Glutaric Acidemia type 2
Multiple acyl-CoA dehydrogenase deficiency (MADD or "Multiple acyl-CoA dehydrogenation deficiency"), known as glutaric acidemia type 2, is an autosomal recessive pathology consisting of a disorder of glutaric acid, acetyl choline, fatty acid, and amino acid metabolism.It is an autosomal recessive disorder of glutaric acid, acetylcholine, fatty acid and amino acid metabolism.
The incidence of this metabolic deficiency is estimated at 1 in 250,000 people, with large variations between countries and ethnic groups. It is most frequent in China where the presence of the c.250G>A variant has a frequency of 1.35% in the Han ethnic group.
It is a clinically heterogeneous disorder. The most severe manifestations of MADD usually occur during the first hours of life and involve metabolic acidosis, severe cardiomyopathy and liver disease, with or without congenital anomalies. On the other hand, milder cases manifest from infancy to adulthood with episodic metabolic decompensations, hypoketotic hypoglycemia, vomiting, muscle weakness and respiratory failure, among other symptoms.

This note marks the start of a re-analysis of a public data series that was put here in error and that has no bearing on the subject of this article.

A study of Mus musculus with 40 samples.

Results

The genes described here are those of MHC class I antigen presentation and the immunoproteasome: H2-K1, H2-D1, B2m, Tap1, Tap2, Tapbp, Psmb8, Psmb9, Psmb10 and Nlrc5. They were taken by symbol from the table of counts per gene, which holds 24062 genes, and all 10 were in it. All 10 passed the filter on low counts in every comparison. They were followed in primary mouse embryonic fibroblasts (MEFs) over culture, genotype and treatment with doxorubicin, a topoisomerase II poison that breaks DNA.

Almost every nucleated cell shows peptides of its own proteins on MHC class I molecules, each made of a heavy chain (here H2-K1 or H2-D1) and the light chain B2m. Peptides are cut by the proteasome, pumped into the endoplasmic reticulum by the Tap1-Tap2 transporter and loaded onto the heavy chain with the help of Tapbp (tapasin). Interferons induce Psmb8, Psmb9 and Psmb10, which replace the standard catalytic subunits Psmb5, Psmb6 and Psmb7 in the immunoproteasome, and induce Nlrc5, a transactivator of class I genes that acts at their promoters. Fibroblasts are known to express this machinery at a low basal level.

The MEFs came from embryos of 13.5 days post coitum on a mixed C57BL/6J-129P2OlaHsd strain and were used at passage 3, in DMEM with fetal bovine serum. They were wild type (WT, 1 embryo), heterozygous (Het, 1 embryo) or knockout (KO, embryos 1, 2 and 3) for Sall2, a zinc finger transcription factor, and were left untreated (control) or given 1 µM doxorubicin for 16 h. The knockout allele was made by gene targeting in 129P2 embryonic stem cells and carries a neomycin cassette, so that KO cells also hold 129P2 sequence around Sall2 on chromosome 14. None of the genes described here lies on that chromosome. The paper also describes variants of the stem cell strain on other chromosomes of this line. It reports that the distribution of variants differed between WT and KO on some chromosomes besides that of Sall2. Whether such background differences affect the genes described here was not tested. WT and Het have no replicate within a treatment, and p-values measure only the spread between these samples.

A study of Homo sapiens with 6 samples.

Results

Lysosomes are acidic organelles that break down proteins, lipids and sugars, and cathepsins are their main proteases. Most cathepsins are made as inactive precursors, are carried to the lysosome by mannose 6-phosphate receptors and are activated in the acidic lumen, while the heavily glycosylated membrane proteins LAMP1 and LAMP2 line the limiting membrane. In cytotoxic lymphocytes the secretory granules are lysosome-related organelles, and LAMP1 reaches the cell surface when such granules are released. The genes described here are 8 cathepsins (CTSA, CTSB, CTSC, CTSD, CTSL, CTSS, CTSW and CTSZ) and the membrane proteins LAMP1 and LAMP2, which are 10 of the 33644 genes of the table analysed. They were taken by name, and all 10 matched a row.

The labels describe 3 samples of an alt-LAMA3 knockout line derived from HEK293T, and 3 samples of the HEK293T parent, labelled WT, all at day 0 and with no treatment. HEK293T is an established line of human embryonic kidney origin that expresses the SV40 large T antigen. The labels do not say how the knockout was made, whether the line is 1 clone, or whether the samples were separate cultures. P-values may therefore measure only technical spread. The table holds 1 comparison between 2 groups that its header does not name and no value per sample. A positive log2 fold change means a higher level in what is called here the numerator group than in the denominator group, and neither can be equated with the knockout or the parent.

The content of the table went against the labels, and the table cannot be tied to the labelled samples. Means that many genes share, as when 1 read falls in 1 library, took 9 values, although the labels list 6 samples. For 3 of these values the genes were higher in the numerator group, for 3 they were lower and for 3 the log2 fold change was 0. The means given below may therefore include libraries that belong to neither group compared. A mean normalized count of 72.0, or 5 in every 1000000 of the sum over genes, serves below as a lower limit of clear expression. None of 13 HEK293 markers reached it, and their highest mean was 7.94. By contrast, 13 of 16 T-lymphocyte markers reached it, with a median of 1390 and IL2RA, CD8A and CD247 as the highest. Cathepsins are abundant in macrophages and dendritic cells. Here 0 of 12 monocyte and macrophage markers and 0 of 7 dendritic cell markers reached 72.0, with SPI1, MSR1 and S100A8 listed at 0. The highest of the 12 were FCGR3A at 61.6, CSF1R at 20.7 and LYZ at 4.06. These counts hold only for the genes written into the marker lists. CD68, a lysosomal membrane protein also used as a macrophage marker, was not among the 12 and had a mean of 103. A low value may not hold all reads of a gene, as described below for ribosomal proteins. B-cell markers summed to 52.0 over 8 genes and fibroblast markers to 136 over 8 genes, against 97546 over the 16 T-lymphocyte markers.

Avoidance of fasting and supplementation with riboflavin, L-carnitine and CoQ10. Dietary fat and protein restriction may be an effective treatment in selected patients depending on the severity of the pathology.
Emergency regimens should be available for any metabolic decompensation. Acute treatment includes hospitalization of the patient and injection of intravenous fluid, containing at least 10% dextrose, and bicarbonate therapy depending on the metabolic state.